Quick disclosure! This article covers what does clean eating mean. I LOVE food, am passionate about eating clean, and I have read up on clean eating a lot over the past 4ish years. BUT, I am by no means an expert. I do not hold a medical degree (I did not care for Biology 101), and am not qualified to give out medical advice. Consider this my opinion only 🙂 If you have any specific questions regarding your health, please check with a qualified medical professional.
Over the past few years, you may have seen more and more recipes and foods labeled “clean eating”, and if you haven’t taken the plunge into clean eating, you may be wondering what clean eating means. The truth is, the definition and meaning will vary from person to person!
What Does Clean Eating Mean?
In a nutshell, clean eating means eating food that is as close to its original state, as possible. Think of picking an apple off a tree, digging a potato out of the ground, or roasting sunflowers seeds picked right off the flower. The less altered a food is, the “cleaner” it is. Of course, we don’t all have lakes of fish, or chickens laying eggs in our backyard, so to put clean eating into practical terms, I want to cover a few popular clean eating concepts.
Weston A Price
On one end of the spectrum is Weston A Price, which has published a list of dietary guidelines that is comprehensive and well researched. These guidelines includes eating meat from pasture-fed animals, drinking full-fat milk products (also from pasture-fed cows), organic fruits and veggies, homemade bone broths, and even specifying the use of stainless steel, cast iron or glass for cooking. I tried to follow those guidelines for a while, but found them to be quite rigorous and challenging for me, since I was juggling kids and a full time job. It is a great guideline, but it’s intense.
100 Days of Real Food
My first exposure to clean eating, or “real food” was on 100DaysofRealFood. I found her website to be a great resource, and still visit it weekly. Her view of real food is approachable and easy to understand. Her rules (or guidelines) include whole foods, lots of fresh fruits and veggies, whole dairy products, and even allows for wine (maybe that’s why I like her so much!). She also has a ton of recipes on her website.
My Approach to Clean Eating
My view of clean eating is probably the most lenient, which I think is a great place to start, especially if you’re new to eating clean. If you have been living on a standard american diet (SAD) for all your life, it is unlikely that you’re going to go from eating McDonalds everyday to eating wild fresh caught salmon, cooked in a specific type of pan, with a side of organic quinoa. I mean, great if you can do that! But I find that little changes at a time build on each other, and are generally more sustainable.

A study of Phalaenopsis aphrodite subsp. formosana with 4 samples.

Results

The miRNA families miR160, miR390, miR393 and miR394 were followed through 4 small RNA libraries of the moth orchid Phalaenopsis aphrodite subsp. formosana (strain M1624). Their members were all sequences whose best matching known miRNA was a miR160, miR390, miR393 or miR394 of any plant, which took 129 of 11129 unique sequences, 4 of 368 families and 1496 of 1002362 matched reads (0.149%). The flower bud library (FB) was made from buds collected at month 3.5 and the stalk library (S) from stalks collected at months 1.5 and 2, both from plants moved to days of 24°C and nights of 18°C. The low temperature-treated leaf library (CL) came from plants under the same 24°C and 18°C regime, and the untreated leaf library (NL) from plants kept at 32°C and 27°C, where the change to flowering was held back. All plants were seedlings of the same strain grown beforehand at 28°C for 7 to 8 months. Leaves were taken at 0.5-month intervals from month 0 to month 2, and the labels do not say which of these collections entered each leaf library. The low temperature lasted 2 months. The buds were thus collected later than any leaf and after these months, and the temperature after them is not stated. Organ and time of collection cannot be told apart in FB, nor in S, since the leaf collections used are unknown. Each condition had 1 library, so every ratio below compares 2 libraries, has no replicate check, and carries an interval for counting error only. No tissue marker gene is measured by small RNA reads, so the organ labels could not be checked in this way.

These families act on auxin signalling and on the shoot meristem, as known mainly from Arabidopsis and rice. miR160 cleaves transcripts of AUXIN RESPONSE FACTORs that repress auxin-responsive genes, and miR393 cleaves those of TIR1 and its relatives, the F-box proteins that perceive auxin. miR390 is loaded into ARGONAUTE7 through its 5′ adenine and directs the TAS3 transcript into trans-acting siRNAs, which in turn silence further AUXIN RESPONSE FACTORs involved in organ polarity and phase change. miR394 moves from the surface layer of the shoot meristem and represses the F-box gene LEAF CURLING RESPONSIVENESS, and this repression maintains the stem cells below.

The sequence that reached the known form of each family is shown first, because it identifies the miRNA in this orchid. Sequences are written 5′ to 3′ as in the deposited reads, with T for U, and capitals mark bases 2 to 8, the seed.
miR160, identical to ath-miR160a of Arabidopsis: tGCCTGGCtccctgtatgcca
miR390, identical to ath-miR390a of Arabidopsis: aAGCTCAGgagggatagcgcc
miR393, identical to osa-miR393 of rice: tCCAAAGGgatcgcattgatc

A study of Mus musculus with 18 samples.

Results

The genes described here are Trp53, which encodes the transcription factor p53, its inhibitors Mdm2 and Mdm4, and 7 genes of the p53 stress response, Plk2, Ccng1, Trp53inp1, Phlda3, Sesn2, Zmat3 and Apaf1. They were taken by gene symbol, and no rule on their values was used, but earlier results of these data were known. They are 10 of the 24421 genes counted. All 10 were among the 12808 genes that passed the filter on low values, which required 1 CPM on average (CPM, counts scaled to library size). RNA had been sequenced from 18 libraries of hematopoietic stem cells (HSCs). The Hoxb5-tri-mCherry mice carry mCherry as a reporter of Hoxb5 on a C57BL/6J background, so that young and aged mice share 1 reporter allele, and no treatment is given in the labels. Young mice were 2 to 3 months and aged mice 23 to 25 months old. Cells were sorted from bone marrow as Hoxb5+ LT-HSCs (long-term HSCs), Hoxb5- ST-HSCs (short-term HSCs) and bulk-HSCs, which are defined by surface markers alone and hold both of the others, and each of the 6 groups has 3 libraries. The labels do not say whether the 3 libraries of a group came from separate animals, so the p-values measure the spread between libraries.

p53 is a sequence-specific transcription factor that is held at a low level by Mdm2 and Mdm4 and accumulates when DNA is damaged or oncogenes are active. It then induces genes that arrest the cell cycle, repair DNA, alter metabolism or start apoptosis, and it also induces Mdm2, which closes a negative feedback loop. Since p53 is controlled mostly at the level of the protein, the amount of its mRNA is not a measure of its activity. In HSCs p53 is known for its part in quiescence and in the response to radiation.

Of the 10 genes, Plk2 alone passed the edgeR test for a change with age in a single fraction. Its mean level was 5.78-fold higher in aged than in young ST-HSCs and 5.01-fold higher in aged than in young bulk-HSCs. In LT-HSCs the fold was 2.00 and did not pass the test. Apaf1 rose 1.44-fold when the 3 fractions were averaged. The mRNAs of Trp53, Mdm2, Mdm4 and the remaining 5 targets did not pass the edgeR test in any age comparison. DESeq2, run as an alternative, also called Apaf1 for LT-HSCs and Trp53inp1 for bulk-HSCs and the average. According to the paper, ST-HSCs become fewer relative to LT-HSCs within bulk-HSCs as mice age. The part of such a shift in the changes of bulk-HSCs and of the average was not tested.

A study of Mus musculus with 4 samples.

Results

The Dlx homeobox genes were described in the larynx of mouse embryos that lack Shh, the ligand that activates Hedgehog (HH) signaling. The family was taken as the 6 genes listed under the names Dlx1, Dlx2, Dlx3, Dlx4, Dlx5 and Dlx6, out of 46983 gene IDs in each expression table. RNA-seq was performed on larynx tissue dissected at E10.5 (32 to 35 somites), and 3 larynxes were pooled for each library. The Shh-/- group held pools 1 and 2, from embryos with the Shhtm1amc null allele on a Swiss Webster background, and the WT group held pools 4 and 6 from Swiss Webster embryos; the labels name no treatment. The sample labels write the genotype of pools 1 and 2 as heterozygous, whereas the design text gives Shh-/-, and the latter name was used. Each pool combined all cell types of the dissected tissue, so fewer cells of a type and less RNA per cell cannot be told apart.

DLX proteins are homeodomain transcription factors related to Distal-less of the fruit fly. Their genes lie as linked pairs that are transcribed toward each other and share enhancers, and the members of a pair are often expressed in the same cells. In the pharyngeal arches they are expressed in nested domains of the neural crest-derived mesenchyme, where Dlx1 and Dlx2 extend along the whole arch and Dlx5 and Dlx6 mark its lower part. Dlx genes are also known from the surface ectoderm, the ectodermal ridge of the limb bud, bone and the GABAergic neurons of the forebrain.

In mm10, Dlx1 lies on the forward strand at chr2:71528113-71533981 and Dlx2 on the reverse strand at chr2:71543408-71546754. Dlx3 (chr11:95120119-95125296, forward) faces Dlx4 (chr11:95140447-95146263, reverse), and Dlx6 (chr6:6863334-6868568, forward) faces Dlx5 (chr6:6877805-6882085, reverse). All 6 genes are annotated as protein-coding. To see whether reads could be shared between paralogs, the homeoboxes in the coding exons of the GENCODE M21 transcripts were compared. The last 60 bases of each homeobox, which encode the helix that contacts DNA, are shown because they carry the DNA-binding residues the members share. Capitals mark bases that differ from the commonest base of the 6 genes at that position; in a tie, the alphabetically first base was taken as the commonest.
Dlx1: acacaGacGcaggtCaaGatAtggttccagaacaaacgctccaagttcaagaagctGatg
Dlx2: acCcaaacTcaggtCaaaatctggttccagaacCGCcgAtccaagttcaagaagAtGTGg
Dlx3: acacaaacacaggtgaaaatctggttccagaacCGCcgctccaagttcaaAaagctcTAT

So, you’re ready to start eating clean. Now what?
First, let’s see what a typical plate looks like. For this, we’ll check in with the experts. The USDA is moving away from the food pyramid, and is now recommending individuals strive to eat a balanced diet of fruits, vegetables, grains, protein and dairy. Of course, this may not be the perfect fit for everyone, especially with food allergies or intolerance, but it is recommended for the general public. According to the USDA, a typical adult’s plate should look like this:
Here are some ideas on what to put in each section of your plate
- Apples, pears, apricots, peaches, pineapples, tomatoes, plums, bananas, kiwis, grapes, lemons, limes, blueberries, mangos, grapefruit, pomegranate, rapsberries, strawberries, cherries, avocados, watermelon, cantelope
- Spinach, lettuce, broccoli, beets, carrots, cucumbers, butternut squash, celery, avocados, sweet potatoes, pumpkin, cabbage, brussels sprouts, bok choy, peas, green beans, kale, zucchini, spaghetti squash, swiss chard, and peppers
- Whole wheat pasta, wild rice, oatmeal, whole grain bread, barley, quinoa,
- Chicken, beef, turkey, eggs, nuts, fish, pork, and beans
- Whole milk, butter, yogurt, cheese, and cream
Here are my general guidelines to clean eating:
- Eat lots of vegetables and fruits. Organic when possible. Fresh is best, frozen is the next best thing to fresh, and canned as a last resort. Buy and eat produce that is in season.
- Eat meat in moderation and nix the processed meats. Beef, chicken, pork and seafood that can be baked, slow cooked or grilled. Stay away from processed meats, like lunch meat and bacon, except for special occasions. Grass-fed animals are a better option, when available and within budget.
- Use Whole Dairy Products – skip the low-fat versions of dairy, as much of the current research shows that full fat is better for you. Pick full fat milk (organic when possible), blocks of whole cheese (shred it yourself), and don’t be afraid of butter in moderation (throw the margarine straight into the trash).
- Eat Whole Grains – the technical definition of a whole grain is a grain that contains all three parts of the kernal: the bran, germ and endosperm. Eating grains in their whole state ensures you receive optimimum nutrition. Some of the most common whole grains include wheat, rye, oats, wild rice, and quinoa. For a complete list of whole grains, go here.
- Drink Good Drinks – Basically, I drink coffee and tea in moderation, and I drink mostly water. I stay away from sodas, juices, vitamin waters, etc. I also drink red wine in moderation.
- It’s Okay to Cheat – No one is perfect. Do the best you can. Make good choices most of the time, and don’t feel guilty when you have an occasional splurge!
I have sooo much more to share on this topic, but I am going to break it up into segments! Next week, I will share some buzz words in the clean eating world, to get a better handle on why you’re paying a premium for cage-free eggs at the grocery store.
Stay tuned, check out my clean eating recipes, and be sure to leave a comment below if you have any specific questions!